TIRANA–Bardyl Rifat Tirana, 85, died at his home in Nyack on April 22, 2023, with his wife of 37 years, artist Anne Bell Tirana, by his side. Born in Switzerland to Rifat Tirana, an Albanian economist, and Rosamond English Walling, an American artist, the family fled to the United States with the outbreak of World War II and settled in Washington D.C.
After his father’s death, he attended Phillips Academy Andover, Princeton and Columbia Law on scholarships and never forgot the generosity shown to him and the transformational power of access to education: He ran in the first local elections permitted in D.C., supporting a court decision to address gross racial inequalities evident in school funding, and served as a city-wide representative on the School Board from 1970-1974.
In 1980, he established and funded the China-Phillips Academy high school exchange program with the Harbin Institute of Technology, and went on to mentor scores of students, many of whom became lifelong friends. He later served on the Board of Princeton in Africa.
Bardyl began his legal career in the Justice Department during the Kennedy administration and, with his first wife Gail, worked for Robert F. Kennedy’s New York senatorial campaign in 1964. While in private legal practice, he organized transportation for Robert Kennedy’s primary campaign and the presidential campaigns of Kennedy, Sen. George McGovern and Gov. Jimmy Carter. He co-chaired Carter’s inauguration, creating an inclusive “public festival, the kind Governor Carter wants.”
As Director of Civil Defense in the Department of Defense under Carter, his recommendation that emergency response agencies be unified lead to the creation of FEMA.
Guided by his curiosity, his subsequent career was diverse. Legal work with Executive Jet Aviation took him across the Middle East. He served as a director of the Rocky Mountain Institute from 1982-1995 in support of energy sustainability, innovation and national security. He led a semiconductor manufacturing company, Technics, then returned to law, eventually as a solo practitioner. He loved how law could help people and solve a problem, conducting case research himself, “because you often don’t know what you are looking for until you see it,” or serving his community late in life as a judge for Grandview-on-Hudson, NY. Bardyl’s warmth and enthusiasm drew people in business, on the dance floor, and in the legal and racquet courts. Ever optimistic, Bardyl was never one to dodge a challenge. He mastered the arcane rules and etiquette of court tennis in his 70s, representing the US internationally.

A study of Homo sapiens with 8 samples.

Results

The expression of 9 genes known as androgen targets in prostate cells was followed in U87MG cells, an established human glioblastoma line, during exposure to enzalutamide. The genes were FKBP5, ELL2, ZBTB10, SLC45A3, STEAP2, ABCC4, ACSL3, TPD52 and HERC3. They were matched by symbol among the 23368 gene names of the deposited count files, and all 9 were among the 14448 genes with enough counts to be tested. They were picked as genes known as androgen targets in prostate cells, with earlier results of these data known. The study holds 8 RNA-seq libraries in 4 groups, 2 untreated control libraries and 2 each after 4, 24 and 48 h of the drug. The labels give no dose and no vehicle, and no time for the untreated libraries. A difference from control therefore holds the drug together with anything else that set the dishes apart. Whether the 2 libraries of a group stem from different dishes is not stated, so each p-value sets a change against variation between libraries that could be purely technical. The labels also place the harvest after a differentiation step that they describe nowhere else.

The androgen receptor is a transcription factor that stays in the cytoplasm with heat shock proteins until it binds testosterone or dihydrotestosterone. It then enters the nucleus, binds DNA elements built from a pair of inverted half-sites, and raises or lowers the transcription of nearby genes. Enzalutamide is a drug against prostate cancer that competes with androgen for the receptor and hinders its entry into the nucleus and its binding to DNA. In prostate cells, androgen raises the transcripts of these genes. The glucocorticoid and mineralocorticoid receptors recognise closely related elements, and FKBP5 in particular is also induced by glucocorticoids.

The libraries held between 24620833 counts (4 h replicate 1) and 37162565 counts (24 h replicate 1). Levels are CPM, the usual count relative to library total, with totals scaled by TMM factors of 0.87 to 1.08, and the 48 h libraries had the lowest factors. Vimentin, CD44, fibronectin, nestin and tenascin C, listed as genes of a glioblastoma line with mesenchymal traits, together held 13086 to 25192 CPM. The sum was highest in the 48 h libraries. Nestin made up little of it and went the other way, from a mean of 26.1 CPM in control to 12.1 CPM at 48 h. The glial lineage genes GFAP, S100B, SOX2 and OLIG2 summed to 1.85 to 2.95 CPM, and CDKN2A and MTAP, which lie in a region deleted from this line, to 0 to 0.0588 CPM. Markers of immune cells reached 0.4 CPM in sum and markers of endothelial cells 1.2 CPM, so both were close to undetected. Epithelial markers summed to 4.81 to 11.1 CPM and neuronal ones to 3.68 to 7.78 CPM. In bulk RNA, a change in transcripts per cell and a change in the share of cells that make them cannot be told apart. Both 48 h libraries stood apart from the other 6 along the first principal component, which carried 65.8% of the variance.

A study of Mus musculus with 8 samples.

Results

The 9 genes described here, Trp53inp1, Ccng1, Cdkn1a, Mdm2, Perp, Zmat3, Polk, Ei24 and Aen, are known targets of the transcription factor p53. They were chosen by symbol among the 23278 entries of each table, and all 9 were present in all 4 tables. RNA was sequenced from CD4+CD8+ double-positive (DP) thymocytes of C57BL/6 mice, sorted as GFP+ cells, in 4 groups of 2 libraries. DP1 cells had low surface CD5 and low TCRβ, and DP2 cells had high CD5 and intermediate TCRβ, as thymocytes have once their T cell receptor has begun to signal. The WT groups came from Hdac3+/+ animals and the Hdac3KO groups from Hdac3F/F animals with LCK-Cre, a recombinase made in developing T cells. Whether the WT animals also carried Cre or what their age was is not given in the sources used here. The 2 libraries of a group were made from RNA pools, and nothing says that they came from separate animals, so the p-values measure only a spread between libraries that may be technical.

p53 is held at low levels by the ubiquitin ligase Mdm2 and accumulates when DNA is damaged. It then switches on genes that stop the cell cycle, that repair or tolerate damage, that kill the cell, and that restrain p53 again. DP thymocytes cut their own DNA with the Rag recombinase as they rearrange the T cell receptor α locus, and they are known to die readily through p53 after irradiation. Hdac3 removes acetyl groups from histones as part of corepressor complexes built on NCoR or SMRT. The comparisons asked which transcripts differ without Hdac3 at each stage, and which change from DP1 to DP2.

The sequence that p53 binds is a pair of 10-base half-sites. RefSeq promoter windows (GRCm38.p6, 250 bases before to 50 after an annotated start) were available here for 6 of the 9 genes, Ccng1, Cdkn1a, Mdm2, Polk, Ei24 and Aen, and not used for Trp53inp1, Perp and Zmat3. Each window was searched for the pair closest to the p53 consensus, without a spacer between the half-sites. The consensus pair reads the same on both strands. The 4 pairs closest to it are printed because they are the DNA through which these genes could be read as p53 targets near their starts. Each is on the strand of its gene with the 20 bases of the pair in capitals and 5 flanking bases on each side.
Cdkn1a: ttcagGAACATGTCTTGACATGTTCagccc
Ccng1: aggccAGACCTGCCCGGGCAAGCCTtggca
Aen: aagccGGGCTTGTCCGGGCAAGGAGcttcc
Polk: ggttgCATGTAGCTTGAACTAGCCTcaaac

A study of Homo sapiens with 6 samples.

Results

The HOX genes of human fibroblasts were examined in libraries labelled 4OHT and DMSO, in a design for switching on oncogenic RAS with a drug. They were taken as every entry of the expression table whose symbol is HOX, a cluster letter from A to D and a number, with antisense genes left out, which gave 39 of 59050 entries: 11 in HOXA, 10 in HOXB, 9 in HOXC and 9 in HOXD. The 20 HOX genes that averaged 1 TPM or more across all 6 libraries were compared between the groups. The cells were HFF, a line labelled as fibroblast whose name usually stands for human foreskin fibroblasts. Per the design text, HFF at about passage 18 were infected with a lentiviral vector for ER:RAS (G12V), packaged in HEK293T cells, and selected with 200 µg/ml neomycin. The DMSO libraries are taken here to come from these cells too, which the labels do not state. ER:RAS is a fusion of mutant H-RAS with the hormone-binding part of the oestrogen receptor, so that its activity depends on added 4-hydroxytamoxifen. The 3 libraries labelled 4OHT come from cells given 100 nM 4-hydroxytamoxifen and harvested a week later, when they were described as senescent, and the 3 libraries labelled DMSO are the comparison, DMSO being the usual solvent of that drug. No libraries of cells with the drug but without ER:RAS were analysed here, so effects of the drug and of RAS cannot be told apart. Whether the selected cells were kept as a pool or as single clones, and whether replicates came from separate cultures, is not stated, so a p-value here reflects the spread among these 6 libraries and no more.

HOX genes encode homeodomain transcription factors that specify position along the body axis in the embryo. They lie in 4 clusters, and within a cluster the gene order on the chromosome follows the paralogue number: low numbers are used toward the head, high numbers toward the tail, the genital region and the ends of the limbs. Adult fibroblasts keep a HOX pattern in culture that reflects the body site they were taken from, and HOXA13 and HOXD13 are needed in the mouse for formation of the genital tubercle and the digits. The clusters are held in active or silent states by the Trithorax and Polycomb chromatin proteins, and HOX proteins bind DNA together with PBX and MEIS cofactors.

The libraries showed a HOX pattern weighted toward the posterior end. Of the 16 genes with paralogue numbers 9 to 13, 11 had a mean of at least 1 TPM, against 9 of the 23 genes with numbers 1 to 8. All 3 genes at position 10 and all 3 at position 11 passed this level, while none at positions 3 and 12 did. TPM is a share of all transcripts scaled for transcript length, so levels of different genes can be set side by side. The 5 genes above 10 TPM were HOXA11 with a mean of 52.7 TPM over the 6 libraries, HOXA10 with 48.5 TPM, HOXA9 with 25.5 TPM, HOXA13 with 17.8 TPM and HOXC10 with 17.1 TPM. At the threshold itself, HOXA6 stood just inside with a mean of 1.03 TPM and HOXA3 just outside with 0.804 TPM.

As a student, Bardyl played poker to supplement his scholarships and loved all games, always infusing competition with fun. His favorite way to enter his beloved American convertible was not via its doors, but instead racing his passenger from the trunk and leaping into the driver’s seat. Bardyl was unfailingly loyal to and supportive of friends and family–always showing up to help, to see the performance or sports game, to join the birthday or enjoy a day at the beach. Most of all, to Anne, for whom he always found a way to make space for her career as an artist. Together, they chose the life they wanted to lead, both in Washington D.C. and in New York.
He is survived by his wife Anne; his brother Turhan (Denise Marcil); daughters Kyra (David Barry) and Amina (Anthony Oland); stepsons Jonathan (Anita), David (Helen) and Andrew (Jennifer) Bell; and grandchildren, Olivia, Jake and Charley Barry, Isabella Oland, and Julian, Joshua, Belinda, Libby, Christopher and Katherine Bell.
In lieu of flowers, contributions may be made to the Bardyl Tirana Scholarship Fund at Phillips Academy, Andover; 180 Main Street, Andover, MA 01810.
Reprint from The New York Times on Apr. 26, 2023.